Press release from CNW Group
LBS Economic Research's Provincial Monitor: The Gap Between Resource-Rich Provinces and the Others is Narrowing
Wednesday, July 10, 2013
LBS Economic Research's Provincial Monitor: The Gap Between Resource-Rich Provinces and the Others is Narrowing09:51 EDT Wednesday, July 10, 2013
MONTREAL, July 10, 2013 /CNW Telbec/ - In its most recent update on economic developments in Canadian provinces, the LBS Economic Research's Provincial Monitor confirms that the gap between resource-rich provinces and the others is narrowing. This situation is likely due to difficult weather conditions and the growing uncertainty with respect to pipeline capacity in Alberta and Saskatchewan. The outlook for these two provinces has been downgraded for 2013, while the one for Quebec and some of the Atlantic Provinces have been revised slightly upward.
From a national perspective, LBS Economic Research is still expecting real GDP to grow just 1.5% in 2013 and 2.2% in 2014. Different factors will affect the provinces' economic growth in the next two years. First of all, domestic demand will be curbed by a slowdown in residential investment. Some provinces — British Columbia, Ontario and Quebec — will be impacted more than others because of the persistent imbalances in their respective markets. Moreover, a shift in consumer behaviour, favouring savings over credit, will affect provinces where the personal consumption share of GDP is greater (60% or higher) — more specifically, in British Columbia, Ontario, Quebec and the Atlantic Provinces. In addition, major investment projects in the Atlantic Provinces will stimulate economic growth for several years to come. As for support to economic growth by the provincial governments, it should remain limited as most of them are tightening their belt to eliminate budget deficits.
From a more global perspective, Canadian provinces' external sector will continue to face challenges associated with the slowdown in China and the recovery in the United States. Economic activity south of the border is indeed gradually gaining momentum, with benefits for the major exporting provinces to be more visible in 2014. At the same time, the Canadian dollar will remain under par with its American counterpart, as it has been the case since the beginning of the year. This will help reinforce exporters' profit margins, which should, in turn, stimulate investment and job creation. LBS Economic Research also anticipates that the American real estate sector's recovery will gain traction and continue to fuel demand for lumber and wood-derived products in British Columbia, Quebec, New Brunswick.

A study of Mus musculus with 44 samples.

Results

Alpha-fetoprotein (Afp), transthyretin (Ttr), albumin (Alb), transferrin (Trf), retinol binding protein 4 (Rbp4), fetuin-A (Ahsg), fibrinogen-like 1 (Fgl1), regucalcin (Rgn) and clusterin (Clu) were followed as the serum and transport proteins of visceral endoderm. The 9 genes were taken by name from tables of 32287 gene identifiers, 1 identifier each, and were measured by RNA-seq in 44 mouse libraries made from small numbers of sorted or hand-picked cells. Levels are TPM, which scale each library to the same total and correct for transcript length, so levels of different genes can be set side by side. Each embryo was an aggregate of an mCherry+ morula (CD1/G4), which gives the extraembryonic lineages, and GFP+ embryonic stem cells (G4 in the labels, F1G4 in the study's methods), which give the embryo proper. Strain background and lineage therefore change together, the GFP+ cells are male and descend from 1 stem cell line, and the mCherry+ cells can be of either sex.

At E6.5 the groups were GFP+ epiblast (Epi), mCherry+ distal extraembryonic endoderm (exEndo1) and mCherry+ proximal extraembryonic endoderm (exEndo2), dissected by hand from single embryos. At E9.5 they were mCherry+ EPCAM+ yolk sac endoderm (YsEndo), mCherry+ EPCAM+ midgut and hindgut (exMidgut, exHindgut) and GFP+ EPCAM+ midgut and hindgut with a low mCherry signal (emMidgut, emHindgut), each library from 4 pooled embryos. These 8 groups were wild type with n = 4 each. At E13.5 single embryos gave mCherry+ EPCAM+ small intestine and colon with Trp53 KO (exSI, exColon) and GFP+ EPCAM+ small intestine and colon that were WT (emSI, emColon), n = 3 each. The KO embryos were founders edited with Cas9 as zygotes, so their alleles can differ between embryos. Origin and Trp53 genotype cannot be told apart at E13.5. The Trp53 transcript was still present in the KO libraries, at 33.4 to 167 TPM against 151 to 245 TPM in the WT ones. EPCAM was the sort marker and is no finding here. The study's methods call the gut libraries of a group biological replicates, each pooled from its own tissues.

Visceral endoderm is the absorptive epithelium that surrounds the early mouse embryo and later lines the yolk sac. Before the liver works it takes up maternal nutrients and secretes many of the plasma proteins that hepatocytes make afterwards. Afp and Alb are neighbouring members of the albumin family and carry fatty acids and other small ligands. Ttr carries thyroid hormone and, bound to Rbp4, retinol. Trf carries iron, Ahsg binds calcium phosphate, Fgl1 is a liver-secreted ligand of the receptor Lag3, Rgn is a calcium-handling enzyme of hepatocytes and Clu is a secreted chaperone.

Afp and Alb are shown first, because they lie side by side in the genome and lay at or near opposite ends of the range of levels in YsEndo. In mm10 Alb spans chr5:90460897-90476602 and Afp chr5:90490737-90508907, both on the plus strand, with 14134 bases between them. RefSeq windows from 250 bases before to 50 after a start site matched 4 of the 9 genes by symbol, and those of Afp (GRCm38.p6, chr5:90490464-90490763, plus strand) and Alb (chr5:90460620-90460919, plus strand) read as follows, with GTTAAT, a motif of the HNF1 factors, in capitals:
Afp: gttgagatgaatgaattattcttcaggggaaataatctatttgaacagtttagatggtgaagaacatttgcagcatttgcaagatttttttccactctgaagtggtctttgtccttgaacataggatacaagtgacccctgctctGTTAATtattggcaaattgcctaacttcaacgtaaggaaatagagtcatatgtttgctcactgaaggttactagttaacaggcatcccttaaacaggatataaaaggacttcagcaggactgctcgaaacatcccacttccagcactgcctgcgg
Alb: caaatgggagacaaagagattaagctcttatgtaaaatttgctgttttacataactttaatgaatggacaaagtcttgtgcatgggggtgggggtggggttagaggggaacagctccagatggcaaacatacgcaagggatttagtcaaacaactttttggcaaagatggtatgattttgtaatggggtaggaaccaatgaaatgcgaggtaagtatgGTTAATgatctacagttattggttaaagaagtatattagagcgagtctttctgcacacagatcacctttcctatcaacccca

Finally, the energy sector should continue to enjoy higher natural gas prices throughout 2013, which will favour production in British Columbia, Alberta and Nova Scotia. Moreover, despite the negative impacts of flooding in southern Alberta on pipeline capacity, crude oil and bitumen producers should reap the benefits of the recent increase of Canadian prices for these resources vis-à-vis global prices. However, uncertainties surrounding the future access of Canadian energy resources to American and Asian markets are limiting producer price growth and undermining the climate of confidence.
The full report, as well as an update of provincial economic forecasts, is available on LBS Economic Research web site: http://www.vmbl.ca/Economics/16/ProvincialMonitor_June2013.pdf. For any question, contact Marie-Claude Guillotte, economist at 514 350-2925.